University of Colorado, Boulder
April 4, 2013
University of Colorado, Boulder
Urban agriculture is helping poor people cope with food scarcity and hunger. Growing crops or raising livestock in backyards or on undeveloped plots of land improves food sources and offers many urban poor a viable income. And this type of agriculture is also being practiced in new ways in an increasing variety of locations, and often by the poorest of the poor.
Sub-Saharan Africa’s annual urban growth rate is 3.6 percent, almost double the world average.1 With high levels of rural-to-urban migration, many now-urban residents hold on to their agricultural heritage through urban agriculture. In Dar es Salaam, Tanzania, urban gardens in some communities resemble those found in the rural areas of Tanzania from which migrants emigrated. An urban garden might resemble a traditional garden made by the Haya ethnic group from northwestern Tanzania—a garden close to the house that includes bananas mixed with coffee or other fruit trees.2
Many urban dwellers tend home-based gardens primarily for household food. In Lusaka, Zambia, over half of residents practice urban agriculture to grow their own food.3 In other regions such as Kampala, Uganda, and Yaounde, Cameroon, many urban households raise livestock including poultry, dairy cattle, and pigs.4
On the edges of cities, large commercial plots are being created on undeveloped land. Within cities, small plots are located along roadsides and rivers, under power lines, and on land occupied by educational and administrative institutions.5 Because these locations are quite visible, farmers are more vulnerable to eviction, especially in places like Dar es Salaam, where growing crops within 14 meters of roads or within 15 meters of riverbanks is illegal.6 But landowners do sometimes accommodate farmers: A railroad company in Dar es Salaam long ago gave urban residents permission to plant crops on unused land. Yet after 30 years, the railroad unexpectedly sold part of the cultivated land to a private investor, taking that land away from the farmers and calling into question the future of the rest of that plot.7
Food security means that safe and nutritious food is consistently available, accessible, and reasonably priced. Urban agriculture improves food security by providing healthy and plentiful substitutes for purchased food, especially for poor households. Households that practice urban agriculture are also more likely to have access to a wider variety of nutritious foods such as vegetables and animal products. In Kampala, Uganda, urban agriculture has been linked with improved nutritional status in children.8
Urban agriculture can also provide people with a primary or supplemental income. Income from urban agriculture is particularly high in many African cities. In Bamako, Mali, and Dar es Salaam, the economic return to urban farmers has been estimated to be comparable to the income of unskilled construction workers.9 And in some areas, urban farming can be even more lucrative. For example, during the dry season in Yaounde, Cameroon, farmers using wastewater irrigation can sell vegetables at more than double the wet-season price, and urban agriculture incomes were estimated to be 50 percent above minimum wage.10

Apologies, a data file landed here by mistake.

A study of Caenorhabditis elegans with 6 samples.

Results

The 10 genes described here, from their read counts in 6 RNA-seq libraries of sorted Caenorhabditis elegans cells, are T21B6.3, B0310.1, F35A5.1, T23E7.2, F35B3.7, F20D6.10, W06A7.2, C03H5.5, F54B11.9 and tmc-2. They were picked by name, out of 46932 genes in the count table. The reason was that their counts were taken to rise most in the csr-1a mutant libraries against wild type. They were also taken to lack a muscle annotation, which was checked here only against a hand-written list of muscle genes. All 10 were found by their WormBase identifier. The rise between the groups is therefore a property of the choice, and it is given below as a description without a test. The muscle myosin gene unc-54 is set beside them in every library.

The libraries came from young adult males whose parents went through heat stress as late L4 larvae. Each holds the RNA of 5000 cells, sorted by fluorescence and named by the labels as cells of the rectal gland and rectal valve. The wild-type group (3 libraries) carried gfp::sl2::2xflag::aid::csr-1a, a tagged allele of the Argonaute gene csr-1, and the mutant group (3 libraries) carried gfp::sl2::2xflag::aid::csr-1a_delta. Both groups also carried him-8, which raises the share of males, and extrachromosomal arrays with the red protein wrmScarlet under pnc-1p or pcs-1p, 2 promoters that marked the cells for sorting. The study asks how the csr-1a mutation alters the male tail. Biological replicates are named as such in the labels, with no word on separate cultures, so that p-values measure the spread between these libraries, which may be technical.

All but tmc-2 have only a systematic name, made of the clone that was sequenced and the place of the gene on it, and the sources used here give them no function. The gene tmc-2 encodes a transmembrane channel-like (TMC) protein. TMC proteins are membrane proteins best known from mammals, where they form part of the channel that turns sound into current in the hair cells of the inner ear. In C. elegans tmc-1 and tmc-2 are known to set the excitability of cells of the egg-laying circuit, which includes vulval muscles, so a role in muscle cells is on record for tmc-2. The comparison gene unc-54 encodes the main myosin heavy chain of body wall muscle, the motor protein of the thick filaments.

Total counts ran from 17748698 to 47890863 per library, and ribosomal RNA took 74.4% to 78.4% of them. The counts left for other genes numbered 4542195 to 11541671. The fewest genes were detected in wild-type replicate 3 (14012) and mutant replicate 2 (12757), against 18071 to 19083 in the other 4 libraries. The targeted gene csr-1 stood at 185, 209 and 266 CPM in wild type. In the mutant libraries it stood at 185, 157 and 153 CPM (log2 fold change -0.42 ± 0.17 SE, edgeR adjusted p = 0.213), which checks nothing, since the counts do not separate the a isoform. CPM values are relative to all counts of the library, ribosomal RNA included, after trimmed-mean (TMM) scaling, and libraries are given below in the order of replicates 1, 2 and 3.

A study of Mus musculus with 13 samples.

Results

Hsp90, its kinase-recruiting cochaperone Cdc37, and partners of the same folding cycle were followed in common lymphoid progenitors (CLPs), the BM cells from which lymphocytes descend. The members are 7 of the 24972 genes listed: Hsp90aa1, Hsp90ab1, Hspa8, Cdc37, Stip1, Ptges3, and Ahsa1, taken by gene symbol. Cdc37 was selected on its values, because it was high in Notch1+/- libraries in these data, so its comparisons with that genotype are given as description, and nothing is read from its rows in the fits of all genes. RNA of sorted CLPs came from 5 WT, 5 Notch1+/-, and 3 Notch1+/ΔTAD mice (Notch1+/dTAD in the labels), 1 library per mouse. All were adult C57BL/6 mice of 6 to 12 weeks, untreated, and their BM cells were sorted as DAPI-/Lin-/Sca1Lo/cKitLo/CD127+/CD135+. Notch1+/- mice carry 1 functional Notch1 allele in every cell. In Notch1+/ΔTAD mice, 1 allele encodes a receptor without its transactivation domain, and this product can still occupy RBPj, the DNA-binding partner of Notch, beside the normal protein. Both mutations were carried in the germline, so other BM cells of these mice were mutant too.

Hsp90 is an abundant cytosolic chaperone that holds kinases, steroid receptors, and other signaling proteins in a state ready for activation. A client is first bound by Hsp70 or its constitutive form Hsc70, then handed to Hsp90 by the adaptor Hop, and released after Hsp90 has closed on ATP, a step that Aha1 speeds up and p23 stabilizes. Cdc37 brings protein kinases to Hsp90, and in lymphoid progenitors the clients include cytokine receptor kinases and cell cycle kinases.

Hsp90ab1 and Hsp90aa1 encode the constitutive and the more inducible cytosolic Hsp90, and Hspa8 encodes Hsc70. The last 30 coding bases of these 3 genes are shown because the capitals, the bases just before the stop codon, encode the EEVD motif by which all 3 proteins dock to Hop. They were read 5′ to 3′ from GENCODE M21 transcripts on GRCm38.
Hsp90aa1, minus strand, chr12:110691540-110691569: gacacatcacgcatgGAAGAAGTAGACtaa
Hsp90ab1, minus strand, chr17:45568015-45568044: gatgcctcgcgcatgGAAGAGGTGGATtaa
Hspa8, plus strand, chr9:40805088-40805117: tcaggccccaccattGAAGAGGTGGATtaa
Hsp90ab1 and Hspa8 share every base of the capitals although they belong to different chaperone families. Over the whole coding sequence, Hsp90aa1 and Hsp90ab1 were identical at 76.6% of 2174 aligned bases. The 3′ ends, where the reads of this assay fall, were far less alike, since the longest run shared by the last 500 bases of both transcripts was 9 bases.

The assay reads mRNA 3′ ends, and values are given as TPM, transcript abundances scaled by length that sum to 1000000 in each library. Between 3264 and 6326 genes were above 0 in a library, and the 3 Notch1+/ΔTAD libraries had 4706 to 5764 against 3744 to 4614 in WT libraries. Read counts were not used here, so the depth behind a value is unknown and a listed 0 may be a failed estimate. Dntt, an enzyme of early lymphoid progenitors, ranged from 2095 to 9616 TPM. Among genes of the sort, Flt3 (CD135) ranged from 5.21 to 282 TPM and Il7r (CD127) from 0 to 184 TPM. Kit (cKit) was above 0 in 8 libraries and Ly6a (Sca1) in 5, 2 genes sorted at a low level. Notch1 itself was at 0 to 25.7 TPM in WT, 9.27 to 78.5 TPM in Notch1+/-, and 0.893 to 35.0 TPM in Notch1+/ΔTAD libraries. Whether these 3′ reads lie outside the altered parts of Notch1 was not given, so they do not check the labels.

Collective benefits from urban agriculture include solving transportation problems and converting urban waste into fertilizer. Cities have more fresh produce and fewer perishable agricultural products coming from rural areas. For example, in Cameroon, almost all the leafy vegetables consumed by poor urban residents in Yaounde are grown in the valleys surrounding the city.
Livestock in Yaounde produce more than 20,000 tons of manure per year, two-thirds of which is used as fertilizer by farms. These locally available farm “inputs” reduce the need for purchasing more-expensive commercial supplements.
Although many poor households benefit from urban agriculture, land cultivation and livestock production are actually illegal in many cities. Often, land cultivation is ignored by officials, although land tenure remains a major challenge for urban farmers. As illustrated by the Dar es Salaam railroad example, urban agriculture often occurs on “unused” land. Farmers lack legal rights and thus have less incentive to make costly improvements. For example, instead of installing costly irrigation, farmers often use wastewater irrigation that, if polluted, can pose health risks to consumers.
Urban livestock production raises different concerns. In Dar es Salaam, the government is worried about transmission of tetanus from livestock waste, improper disposal of animal corpses, and chemical contamination from the overuse of antibiotics and pesticides. To address these issues, policies must specify the permissible numbers of livestock in specific locations based on human population density and animal type.11
Given the potential benefits of urban agriculture, government policies for urban planning need to address land tenure for farmers and provide access to clean irrigation water, while also protecting public health.
Michelle Beach is a Ph.D. candidate in cultural anthropology at the University of Colorado, Boulder. This article is part of PRB’s CPIPR project, funded by a grant from the Eunice Kennedy Shriver National Institute of Child Health and Human Development. The author was supported by the University of Colorado’s Population Center’s outreach activities related to CPIPR.